Prague has a horror story for virtually every stone in the old city. Prague is always included in lists of the world’s most haunted places. Here are 8 things you need to do to feel the mysticism of Prague.
Read Gustav Meyrink. Today there is nothing mystical about the Golden Lane, lined with small, toy-like houses. There are only souvenir shops and crowds of tourists wishing to see old interiors recreated inside the houses. However, according to urban legend, this is where alchemists, pseudo-scientists, and witches lived in the olden times, although the official story says that these were homes of guards of the Castle and jewelers. According to the main guide on Prague mysticism—“The Golem”, a novel by Gustav Meyrink—the Golden Lane leads to the House At The Last Lantern, which can only be seen in the fog. This house is a boundary between worlds, whose tenants will one day be responsible for the end of the world.
Look at Prague’s house symbols and learn their secrets. There are stories about most of Prague’s house signs, which were used as house numbers till the end of the 17th century. Most of these stories are surreal. For example, according to urban legend, this house was inhabited by an alchemist who turned a boy patient into a donkey out of pure spite. However, the boy was cured with a good dose of prayer. Now this house is a museum of alchemy with an underground lab, ancient manuscripts and stuffed animals. It looks a bit dramatic to adults, but children of all ages will enjoy it.
See the city in the light of the gas lamps. Since 2002, the Prague authorities have gradually been restoring the authentic gas lights and even lamplighters wearing dark cloaks to the old part of the city. Now the city has hundreds of gas lamps, most of which line the Royal Route—the road that was used by monarchs to go to their coronation, extending from the Powder Gate to Prague Castle. Tourists can experience the unsettling, mysterious mood of European cities, lit by gas lights in the 19th – early 20th centuries, at Hradčany square, among other places. However, this perception is a modern one since the light of the gas lamps looked rather like progress to people in the old times.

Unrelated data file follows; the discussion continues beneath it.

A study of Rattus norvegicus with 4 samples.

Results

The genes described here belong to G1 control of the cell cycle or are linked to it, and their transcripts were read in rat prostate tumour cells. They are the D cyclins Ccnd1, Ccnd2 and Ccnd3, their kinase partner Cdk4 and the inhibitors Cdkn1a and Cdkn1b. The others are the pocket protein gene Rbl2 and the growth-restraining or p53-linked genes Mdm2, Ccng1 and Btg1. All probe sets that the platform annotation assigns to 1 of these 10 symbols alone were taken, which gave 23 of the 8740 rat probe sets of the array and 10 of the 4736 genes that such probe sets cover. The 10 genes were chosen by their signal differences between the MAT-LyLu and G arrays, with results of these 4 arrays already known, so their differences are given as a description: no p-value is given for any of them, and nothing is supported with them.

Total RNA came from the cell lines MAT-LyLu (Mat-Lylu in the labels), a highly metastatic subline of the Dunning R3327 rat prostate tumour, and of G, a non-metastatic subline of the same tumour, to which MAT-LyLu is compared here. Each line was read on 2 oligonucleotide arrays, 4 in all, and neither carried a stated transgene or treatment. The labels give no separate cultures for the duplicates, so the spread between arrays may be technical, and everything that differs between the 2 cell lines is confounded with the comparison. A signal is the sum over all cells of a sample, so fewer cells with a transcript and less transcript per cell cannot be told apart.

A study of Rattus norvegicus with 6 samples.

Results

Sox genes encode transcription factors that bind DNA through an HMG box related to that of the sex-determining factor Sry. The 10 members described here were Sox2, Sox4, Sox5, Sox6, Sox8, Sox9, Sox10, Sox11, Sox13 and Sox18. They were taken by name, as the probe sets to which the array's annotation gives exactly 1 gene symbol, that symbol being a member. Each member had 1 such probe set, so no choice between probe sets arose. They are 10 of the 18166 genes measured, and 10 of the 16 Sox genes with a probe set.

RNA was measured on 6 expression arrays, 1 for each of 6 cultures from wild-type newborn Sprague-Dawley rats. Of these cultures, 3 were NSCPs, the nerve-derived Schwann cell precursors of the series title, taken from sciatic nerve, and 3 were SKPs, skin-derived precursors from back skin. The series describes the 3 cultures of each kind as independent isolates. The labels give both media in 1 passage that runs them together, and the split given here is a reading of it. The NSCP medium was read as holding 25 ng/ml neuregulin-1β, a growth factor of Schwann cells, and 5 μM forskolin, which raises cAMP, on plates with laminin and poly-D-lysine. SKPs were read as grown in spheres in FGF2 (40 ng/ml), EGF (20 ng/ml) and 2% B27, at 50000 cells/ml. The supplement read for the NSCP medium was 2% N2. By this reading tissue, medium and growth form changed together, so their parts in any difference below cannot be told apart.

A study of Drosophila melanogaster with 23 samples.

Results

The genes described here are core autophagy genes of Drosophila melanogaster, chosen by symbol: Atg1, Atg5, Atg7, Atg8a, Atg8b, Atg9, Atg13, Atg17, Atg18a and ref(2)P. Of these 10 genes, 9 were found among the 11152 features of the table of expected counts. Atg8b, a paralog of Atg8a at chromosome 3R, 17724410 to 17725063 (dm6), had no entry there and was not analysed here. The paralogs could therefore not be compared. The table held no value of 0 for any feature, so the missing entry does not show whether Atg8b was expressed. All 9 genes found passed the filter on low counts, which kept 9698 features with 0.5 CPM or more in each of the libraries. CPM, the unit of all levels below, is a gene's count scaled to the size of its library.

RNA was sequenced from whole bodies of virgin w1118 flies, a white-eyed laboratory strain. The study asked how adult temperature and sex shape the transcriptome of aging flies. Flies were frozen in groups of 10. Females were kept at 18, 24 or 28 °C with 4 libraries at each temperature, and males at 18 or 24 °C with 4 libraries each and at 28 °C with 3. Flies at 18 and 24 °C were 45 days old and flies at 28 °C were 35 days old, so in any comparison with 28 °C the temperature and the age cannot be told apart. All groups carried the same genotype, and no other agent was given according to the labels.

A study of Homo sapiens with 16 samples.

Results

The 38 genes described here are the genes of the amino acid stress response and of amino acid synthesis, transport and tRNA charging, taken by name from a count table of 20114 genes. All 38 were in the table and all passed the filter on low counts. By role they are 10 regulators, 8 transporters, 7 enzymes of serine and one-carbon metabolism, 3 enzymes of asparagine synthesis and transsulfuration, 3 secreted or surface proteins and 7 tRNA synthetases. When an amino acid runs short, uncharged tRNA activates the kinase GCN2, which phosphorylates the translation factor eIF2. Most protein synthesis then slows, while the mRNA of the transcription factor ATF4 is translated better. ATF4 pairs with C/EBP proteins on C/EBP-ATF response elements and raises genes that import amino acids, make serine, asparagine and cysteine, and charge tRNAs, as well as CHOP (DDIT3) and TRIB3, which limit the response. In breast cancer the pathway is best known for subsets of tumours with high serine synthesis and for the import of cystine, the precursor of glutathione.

See for yourself that stealing is not allowed. The Gothic Church of the 13th century, rebuilt in the Baroque style in the late 17th century, is quite interesting, not to mention the related horror stories. One story is about the Chancellor Václav Vratislav, buried here in the 18th century. For some time, the pastors and parishioners could not figure out where the weird noises were coming from. After a while, they opened the sarcophagus to find that, judging by the position of the body, the Chancellor was accidentally buried alive. On the wall to the right of the entrance, a mummified human hand is hung. They say it’s the hand of a thief who tried to steal jewels from the statue of the Virgin Mary, whereupon the statue grabbed his hand and never released it, so the hand had to be cut off.
See Doctor Faust’s house. The story of Dr. Faust, who sold his soul to the devil, is famously featured in Goethe’s masterpiece. However, Goethe’s inspiration came from the legend about the magician Faust that was widespread in Europe since the 16th century. According to popular rumor in Prague, the doctor lived in a pink house with a garden on the south side of Charles Square. It was here that the devil came to take Faust’s soul, in accordance with the contract, although it ended up taking the entire doctor through a hole in the roof. Most likely, scientists and alchemists really did live in this house in the 15th–16th centuries. The last strange tenant lived in Faust’s house at the beginning of the 20th century. It was the priest Karl Jaenig, who collected dead people’s possessions, slept in a coffin, and bequeathed to harness a team of wolves to his hearse.